Diesel ban in Germany could cause 'Fukushima moment for diesel in Europe'

Diesel ban in Germany could cause 'Fukushima moment for diesel in Europe'

German cities were recently allowed to after a recent ruling was passed.

The country’s top administrative court gave them the go ahead to restrict the use of the most polluting cars on the road.

Major cities such as Stuttgart, Dusseldorf and Hamburg are all contemplating bans, with the latter implementing limits by the end of April.

Experts have now predict that it could cause a “Fukushima moment for diesel in Europe”

“We really do welcome it and we see potentially this could be the Fukushima moment for diesel in Europe,” said Julia Poliscanova, an air quality expert at Transport & Environment.

“It’s important for giving momentum to many other cities to really think seriously about whether these bans are the most effective way of stopping pollution from diesel.”

Poliscanova went on to say that the German ruling could act as the main catalyst to effectively deal with particulate pollution.

“I think the wider impact of the ban is to send a really strong signal and might really start the phase-out of cars in city centres,” added Poliscanova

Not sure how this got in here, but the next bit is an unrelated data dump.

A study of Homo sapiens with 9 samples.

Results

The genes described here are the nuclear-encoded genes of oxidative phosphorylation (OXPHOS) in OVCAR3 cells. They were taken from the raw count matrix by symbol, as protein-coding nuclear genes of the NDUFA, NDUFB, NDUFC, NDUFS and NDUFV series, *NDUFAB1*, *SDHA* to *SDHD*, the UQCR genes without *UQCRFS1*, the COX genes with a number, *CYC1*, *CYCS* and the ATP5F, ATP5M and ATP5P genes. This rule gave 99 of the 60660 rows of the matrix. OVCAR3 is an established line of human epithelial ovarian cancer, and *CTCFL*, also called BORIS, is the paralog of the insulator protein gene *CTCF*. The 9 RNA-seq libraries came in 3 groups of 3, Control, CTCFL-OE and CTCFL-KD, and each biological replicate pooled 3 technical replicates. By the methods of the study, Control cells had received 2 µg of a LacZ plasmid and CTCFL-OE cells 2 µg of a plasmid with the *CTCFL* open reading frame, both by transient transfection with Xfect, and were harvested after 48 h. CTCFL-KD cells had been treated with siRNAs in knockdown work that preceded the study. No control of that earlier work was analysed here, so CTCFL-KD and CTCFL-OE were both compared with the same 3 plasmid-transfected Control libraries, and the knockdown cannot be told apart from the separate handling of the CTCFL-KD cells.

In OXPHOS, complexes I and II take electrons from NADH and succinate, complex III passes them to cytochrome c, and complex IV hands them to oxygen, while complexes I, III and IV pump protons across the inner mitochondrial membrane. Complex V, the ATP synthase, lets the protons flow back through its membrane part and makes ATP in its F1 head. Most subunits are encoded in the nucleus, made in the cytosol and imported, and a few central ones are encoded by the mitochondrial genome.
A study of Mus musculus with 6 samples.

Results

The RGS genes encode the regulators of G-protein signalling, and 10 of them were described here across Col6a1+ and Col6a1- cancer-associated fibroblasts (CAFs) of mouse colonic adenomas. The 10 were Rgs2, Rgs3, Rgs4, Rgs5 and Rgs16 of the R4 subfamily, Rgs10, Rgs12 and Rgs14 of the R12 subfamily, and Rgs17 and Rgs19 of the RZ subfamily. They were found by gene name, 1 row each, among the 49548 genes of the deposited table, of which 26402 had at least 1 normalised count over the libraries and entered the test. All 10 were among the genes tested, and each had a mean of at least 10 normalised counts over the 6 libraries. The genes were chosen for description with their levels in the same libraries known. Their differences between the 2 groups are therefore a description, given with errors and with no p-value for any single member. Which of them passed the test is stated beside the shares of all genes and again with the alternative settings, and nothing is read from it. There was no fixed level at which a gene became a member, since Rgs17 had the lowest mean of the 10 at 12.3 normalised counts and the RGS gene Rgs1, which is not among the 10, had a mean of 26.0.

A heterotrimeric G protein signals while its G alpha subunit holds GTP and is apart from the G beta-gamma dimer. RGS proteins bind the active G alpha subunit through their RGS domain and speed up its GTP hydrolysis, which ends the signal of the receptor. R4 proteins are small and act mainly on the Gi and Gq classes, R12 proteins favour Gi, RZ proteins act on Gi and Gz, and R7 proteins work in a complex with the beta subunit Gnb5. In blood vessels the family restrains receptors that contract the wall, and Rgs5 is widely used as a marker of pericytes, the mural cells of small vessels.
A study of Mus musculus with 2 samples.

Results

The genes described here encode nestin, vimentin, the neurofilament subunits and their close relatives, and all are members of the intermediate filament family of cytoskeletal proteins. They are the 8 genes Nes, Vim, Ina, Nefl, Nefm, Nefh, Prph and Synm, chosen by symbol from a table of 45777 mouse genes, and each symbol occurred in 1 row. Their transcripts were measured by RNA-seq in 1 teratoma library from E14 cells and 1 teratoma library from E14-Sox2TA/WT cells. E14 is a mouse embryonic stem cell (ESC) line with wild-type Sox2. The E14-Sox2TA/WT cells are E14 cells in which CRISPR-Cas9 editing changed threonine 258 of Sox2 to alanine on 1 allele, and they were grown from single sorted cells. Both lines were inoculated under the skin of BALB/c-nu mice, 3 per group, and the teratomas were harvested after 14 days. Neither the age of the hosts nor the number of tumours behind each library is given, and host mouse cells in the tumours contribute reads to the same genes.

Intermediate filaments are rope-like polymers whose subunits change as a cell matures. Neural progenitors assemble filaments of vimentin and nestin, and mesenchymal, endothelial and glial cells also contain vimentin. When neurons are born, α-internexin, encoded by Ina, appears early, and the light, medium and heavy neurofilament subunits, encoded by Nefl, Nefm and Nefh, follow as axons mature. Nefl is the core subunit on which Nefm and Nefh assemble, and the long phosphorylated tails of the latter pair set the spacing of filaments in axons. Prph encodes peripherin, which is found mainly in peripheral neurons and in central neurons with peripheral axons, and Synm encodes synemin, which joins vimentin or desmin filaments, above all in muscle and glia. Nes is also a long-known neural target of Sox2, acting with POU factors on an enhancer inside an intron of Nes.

“Because it’s going to lead to a drop in their resale value and it really pushes consumers away from those cars.

“Citizens in cities especially are going to see a bigger turn away from diesel and a bigger uptake of electric vehicles.

“The problem of the uptake of electric vehicles is manufacturers are not supplying them on the market, they’re not interested, there’s no incentive.

“There’s a massive lack of supply. And therefore consumers that want to buy an electric vehicle have to wait up to a year.”

Particulate pollution is produced in higher quantities in cars than it is in petrol and can cause respiratory issues.

There is an ongoing air pollution problem across Europe with 130 cities in 23 countries in the EU breaching air quality limits.

Anna Heslop, clean air lawyer for ClientEarth, told Euronews, that the move by Germany could be a bargaining chip to get other countries to comply across Europe.

“We will use these judgements and come to the other courts and say: ‘Look the German court is willing to do this, so you have to do something ambitious as well’.

“We think it’s a turning point. We think it’s a very important ruling. And Germany is a huge country and they have a lot of diesel cars and with that, they have a lot of problems.

“It should have a really big effect on people’s health when they start to exclude the most-polluting vehicles from the polluted areas.

“We know that air pollution from diesel cars can have a really bad impact on people who already have lung problems and it can exacerbate certain cancers.

“It causes slowing down of children’s lung development that children will carry with them for the rest of their lives. It could have a really huge health impact.”

The UK will ban the sale of new petrol and diesel cars by 2040 and before then a number of Clean Air Zones will be introduced which will ban drivers or force them to pay a daily fee to drive in them.

Rome will ban diesel cars from driving in the city centre by 2024, in a bid to slash air pollution.